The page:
When you’ve been writing for as long as I have, it’s easy to stick to what you know, become complacent, cynical even, and stuck in your ways. For that reason, it’s good to get out of your comfort zone every so often, to review something you might otherwise have ignored. Sometimes this pays off, and you find something truly special. Other times, not so much. The latest EP Darkest Days from grime artist Tad falls somewhere in between the two.
Taken on its own merit, each track on offer here has a lot to love about it. From the straight up grime aggression of the opening offering ‘Darkest Days’, to the Faro-flavoured ‘Despedida’ featuring Beatriz Correia from Tad’s native Portugal, each track showcases the diversity of Tad as a musician, whilst subverting any expectations of what a grime instrumental needs to sound like.
The issues comes when one listens to the EP in its entirety. With the aesthetics of each track varying significantly, the record harbours more of a mixtape feel than a cohesive body of work; the hyped-up ‘Showman’ feeling at odds next to the slower and more introspective ‘Seeking’ for instance.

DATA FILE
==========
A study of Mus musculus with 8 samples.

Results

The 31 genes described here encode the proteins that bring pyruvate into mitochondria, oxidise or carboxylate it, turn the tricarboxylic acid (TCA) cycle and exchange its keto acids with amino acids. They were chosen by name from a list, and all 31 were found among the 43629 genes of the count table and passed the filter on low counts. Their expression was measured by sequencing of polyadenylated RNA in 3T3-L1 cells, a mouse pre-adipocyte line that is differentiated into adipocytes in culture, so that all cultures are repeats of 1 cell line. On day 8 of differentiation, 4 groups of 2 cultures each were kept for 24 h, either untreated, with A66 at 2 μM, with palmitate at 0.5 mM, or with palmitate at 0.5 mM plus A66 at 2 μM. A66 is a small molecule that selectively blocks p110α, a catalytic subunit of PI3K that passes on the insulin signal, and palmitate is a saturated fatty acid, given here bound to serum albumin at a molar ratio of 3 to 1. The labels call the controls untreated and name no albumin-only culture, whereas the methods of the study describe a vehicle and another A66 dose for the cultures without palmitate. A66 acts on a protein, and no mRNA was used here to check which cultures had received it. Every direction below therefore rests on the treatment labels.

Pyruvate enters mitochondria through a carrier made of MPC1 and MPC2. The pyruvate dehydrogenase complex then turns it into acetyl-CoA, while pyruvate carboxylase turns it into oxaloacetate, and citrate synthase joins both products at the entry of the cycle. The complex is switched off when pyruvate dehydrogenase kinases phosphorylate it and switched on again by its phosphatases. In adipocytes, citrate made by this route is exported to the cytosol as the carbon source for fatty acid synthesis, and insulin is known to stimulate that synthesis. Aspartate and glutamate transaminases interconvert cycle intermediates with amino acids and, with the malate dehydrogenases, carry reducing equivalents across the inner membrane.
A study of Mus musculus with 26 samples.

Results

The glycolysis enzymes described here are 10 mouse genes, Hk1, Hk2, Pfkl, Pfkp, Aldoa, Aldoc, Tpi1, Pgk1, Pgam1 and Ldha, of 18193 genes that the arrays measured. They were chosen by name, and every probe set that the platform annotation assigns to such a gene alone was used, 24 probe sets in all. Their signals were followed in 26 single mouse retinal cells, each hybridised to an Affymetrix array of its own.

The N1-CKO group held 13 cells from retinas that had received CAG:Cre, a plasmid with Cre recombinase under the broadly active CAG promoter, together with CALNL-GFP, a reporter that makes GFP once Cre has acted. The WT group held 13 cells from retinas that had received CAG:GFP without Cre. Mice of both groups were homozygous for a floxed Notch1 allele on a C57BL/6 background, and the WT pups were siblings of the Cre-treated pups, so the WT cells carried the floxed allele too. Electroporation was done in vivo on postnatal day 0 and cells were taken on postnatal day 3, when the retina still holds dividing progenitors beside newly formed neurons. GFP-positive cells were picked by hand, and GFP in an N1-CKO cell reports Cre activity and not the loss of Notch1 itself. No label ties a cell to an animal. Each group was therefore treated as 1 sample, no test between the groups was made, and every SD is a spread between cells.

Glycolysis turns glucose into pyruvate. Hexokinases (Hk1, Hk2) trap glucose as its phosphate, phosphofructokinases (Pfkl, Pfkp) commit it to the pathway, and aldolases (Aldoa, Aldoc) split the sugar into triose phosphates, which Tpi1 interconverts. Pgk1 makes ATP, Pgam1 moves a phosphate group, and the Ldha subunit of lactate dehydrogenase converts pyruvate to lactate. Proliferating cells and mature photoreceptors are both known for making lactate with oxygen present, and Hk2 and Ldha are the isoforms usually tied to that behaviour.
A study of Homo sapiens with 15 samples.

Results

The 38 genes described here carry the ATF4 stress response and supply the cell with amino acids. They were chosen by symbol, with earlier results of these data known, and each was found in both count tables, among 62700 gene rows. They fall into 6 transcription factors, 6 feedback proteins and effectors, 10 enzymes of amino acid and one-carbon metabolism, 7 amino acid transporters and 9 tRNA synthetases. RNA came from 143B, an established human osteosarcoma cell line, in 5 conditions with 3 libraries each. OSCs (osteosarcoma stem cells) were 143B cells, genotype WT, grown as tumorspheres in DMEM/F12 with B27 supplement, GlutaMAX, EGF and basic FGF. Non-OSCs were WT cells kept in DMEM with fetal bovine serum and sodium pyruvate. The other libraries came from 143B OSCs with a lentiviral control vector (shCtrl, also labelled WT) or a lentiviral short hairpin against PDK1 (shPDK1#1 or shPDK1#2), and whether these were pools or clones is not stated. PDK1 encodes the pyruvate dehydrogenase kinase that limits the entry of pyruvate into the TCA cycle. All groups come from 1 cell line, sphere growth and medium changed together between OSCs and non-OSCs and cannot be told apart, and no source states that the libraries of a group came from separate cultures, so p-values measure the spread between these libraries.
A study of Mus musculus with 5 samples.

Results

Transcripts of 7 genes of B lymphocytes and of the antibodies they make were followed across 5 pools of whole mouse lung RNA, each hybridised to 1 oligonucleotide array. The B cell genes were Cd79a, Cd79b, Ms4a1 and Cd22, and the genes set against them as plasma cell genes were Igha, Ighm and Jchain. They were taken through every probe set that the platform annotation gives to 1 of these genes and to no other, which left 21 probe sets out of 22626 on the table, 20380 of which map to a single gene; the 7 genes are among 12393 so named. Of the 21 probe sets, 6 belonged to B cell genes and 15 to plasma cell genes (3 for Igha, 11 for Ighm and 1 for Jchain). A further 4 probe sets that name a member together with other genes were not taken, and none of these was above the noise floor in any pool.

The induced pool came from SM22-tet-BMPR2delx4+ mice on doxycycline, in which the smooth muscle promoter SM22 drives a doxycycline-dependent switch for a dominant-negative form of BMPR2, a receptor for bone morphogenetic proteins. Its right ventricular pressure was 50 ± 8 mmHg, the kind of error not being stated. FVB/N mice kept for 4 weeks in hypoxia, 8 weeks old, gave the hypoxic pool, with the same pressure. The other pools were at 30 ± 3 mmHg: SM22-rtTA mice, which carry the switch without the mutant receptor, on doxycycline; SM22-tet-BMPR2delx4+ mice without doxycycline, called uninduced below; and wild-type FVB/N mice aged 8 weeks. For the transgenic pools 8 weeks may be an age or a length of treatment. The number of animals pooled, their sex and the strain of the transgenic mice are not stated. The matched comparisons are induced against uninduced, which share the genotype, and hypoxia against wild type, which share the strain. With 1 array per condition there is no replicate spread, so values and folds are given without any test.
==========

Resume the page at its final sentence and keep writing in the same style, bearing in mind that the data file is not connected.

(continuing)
Of course, this doesn’t make it a bad record. The lyricism on display from Tad, not to mention his command of language and flow make him it an impressive listen, whilst his willingness to think outside the box as far as his production and instrumentals go is something that allows him to stand out from his contemporaries and should absolutely be commended.
That said, the record’s stand-out moment might be its most stereotypically grime offering. Closing the record out, the Mic Righteous featuring ‘A Tad Reckless’. Three minutes of aggressive hyping and some of the best bars on offer across the whole five tracks, it’s Tad closing things with style, and making sure that despite a handful of hiccoughs, Darkest Days cements him as one of the most versatile grime artists out there.